Plans are underway in the Psychology Dept. to open a brain imaging center that will allow UCSB to join the ranks of six other UC campuses in brain research.

Professor of Psychology Greg Ashby is the director of the UCSB imaging center, which anticipates opening a magnetic resonance imaging (MRI) facility. The facility would feature a MRI scanner that would allow researchers to view brain activity in people while they perform simple mental tasks. The imaging center will be located in the new psychology building, for which a groundbreaking ceremony was held on March 1.

Ashby said that the building would have three stories above ground and a basement. The scanner would be in the basement and will operate at 3 tesla; a tesla is a measure of magnetic field strength that describes how powerful the scanner is. Three tesla is the highest common field strength used in human brain imaging. The machine will cost about $2 million.

The imaging center has not secured the funds to buy the scanner yet, which is built by Siemens and only allows imaging of the head. Because the center is only interested in brain imaging, the additional $700,000 cost for a full-body scanner was not justified.

Ashby has already started looking for sources of funding. He said the new psychology building should be done in less than 18 months, so he plans to be done with fund raising by that time.

“I wrote a grant proposal to the National Science Foundation that was submitted in January,” Ashby said. “The university is also looking for private donors.”

So far, the grant proposal has not been approved, and no private donations have been made, but Ashby said he feels the new imaging center will be a worthwhile asset to the university.

“Anytime you submit a federal grant, you’re worried about getting the grant money. It’s a long shot anytime you submit,” Ashby said. “But I am really confident we will have the money by the time the building is completed. It’s a strong proposal.”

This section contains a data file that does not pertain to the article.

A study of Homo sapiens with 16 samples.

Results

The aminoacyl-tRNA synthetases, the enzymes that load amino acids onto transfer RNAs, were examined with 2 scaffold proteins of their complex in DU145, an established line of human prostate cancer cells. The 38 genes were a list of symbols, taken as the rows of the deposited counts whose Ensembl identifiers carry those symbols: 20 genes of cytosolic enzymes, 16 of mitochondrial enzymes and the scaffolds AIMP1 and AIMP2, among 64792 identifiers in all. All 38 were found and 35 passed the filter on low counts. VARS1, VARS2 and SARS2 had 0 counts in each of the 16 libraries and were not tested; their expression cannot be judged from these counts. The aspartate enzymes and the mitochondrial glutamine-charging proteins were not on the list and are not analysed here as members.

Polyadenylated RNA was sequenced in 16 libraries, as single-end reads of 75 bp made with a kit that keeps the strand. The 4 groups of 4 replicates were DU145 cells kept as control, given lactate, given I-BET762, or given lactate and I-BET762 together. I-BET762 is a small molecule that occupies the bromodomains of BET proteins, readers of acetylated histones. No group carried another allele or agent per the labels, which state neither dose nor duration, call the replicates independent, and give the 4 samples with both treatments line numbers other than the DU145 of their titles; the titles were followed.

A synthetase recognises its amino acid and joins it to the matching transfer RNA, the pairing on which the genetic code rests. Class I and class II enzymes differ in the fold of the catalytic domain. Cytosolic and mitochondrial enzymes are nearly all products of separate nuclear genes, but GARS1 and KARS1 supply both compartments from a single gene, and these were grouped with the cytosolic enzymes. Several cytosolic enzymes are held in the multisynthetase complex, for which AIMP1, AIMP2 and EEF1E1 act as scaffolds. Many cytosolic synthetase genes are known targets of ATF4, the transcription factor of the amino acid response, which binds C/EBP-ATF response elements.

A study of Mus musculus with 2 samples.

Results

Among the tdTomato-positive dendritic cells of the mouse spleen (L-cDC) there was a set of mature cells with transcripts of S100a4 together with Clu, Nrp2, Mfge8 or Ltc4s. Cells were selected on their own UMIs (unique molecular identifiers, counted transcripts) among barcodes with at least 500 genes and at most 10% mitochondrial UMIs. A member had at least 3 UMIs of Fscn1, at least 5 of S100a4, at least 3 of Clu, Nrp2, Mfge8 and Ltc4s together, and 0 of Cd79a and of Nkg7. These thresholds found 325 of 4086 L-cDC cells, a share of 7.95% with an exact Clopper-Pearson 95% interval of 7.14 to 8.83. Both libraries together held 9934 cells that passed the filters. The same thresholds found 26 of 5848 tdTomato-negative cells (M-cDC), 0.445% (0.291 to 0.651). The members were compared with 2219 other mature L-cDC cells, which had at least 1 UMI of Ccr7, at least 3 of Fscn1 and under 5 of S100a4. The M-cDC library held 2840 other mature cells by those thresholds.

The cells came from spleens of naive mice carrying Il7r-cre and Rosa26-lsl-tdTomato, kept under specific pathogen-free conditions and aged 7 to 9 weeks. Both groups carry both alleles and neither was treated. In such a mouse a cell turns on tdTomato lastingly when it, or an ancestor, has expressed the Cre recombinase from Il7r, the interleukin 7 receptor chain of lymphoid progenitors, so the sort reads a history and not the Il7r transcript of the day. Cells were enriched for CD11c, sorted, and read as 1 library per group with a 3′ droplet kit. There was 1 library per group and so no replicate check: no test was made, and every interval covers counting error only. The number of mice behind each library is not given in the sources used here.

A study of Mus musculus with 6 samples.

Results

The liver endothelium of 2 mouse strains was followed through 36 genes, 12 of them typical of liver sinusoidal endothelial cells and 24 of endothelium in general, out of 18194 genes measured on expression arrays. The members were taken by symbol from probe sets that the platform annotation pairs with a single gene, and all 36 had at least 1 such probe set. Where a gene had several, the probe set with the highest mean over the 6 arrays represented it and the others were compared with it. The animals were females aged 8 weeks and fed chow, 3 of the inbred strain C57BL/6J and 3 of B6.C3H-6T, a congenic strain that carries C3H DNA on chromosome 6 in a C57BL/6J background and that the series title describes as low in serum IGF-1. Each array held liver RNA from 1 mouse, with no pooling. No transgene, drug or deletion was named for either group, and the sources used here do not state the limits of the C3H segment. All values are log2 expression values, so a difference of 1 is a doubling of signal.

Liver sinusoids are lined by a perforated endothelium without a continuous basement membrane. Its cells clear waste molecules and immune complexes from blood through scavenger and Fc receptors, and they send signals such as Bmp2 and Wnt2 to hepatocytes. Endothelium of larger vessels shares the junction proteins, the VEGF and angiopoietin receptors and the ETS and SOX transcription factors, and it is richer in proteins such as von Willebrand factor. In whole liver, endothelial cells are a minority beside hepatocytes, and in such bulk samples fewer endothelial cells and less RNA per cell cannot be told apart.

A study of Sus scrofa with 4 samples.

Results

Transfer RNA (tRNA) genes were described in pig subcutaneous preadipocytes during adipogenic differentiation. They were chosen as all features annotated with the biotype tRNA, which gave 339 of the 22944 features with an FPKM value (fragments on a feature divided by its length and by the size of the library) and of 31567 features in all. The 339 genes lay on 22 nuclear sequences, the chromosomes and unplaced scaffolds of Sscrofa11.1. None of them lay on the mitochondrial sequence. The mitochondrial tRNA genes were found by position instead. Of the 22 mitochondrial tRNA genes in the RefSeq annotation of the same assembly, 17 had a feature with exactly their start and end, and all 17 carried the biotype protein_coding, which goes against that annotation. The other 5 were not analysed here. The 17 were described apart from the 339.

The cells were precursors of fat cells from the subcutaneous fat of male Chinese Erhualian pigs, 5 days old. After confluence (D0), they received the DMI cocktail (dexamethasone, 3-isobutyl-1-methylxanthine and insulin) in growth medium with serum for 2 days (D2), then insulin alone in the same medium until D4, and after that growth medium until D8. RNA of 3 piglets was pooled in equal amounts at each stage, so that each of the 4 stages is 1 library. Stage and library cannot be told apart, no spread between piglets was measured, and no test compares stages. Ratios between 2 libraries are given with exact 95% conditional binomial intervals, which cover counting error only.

Many brain imaging studies use a technique called functional magnetic resonance imaging (fMRI). This technique allows the scanner to detect which regions within the brain are active while the subject performs mental tasks such as adding numbers.

Conventional magnetic imaging is useful for visualizing tissue damage and cancer, but is unable to provide information about the activity of brain tissue. Functional MRI is able to detect brain activity by indirectly measuring the blood flow in regions of the brain.

When a part of the brain starts to do work – adding numbers, for example – that part of the brain needs more blood to perform the work. The increased blood flow means that more incoming oxygenated blood is being converted to deoxygenated blood, just like in an active muscle. The deoxygenated blood is darker in color, and it is also slightly more magnetic than its oxygenated counterpart.

The iron within hemoglobin, the oxygen-carrying component of blood, determines its magnetic properties. When the hemoglobin is deoxygenated, the iron atom has unpaired electrons, which give it its magnetism.

This difference between oxygenated and deoxygenated blood forms the basis for how the fMRI scanner detects which brain regions are active and using more oxygen from the blood.

A magnetic field formed by the scanner causes the hydrogen nuclei in water molecules to gyrate in a uniform direction. Normally, the nuclei gyrate in random directions. Once the nuclei are all gyrating in the assigned direction, the MRI scanner emits a short radio frequency pulse that disorients the gyrations. Following this, the scanner records the time it takes for the nuclei to return to their magnetic field-induced gyration.

The deoxygenated hemoglobin’s magnetism causes surrounding nuclei to return more slowly to their initial state. The scanner records the time blood in different regions of the brain takes to recover and thereby determines where in the brain the thinking is being done.

UCSB has already participated in brain imaging studies by working with Dartmouth College’s imaging facility.

“We have a collaborative arrangement with Dartmouth in New Hampshire,” Ashby said. “There have been, in the last six months, four or five projects run [at Dartmouth].”

Most of the planning for these imaging studies is completed here, and then a few team members fly to Dartmouth to use their scanner to collect the imaging data from human subjects, Ashby said.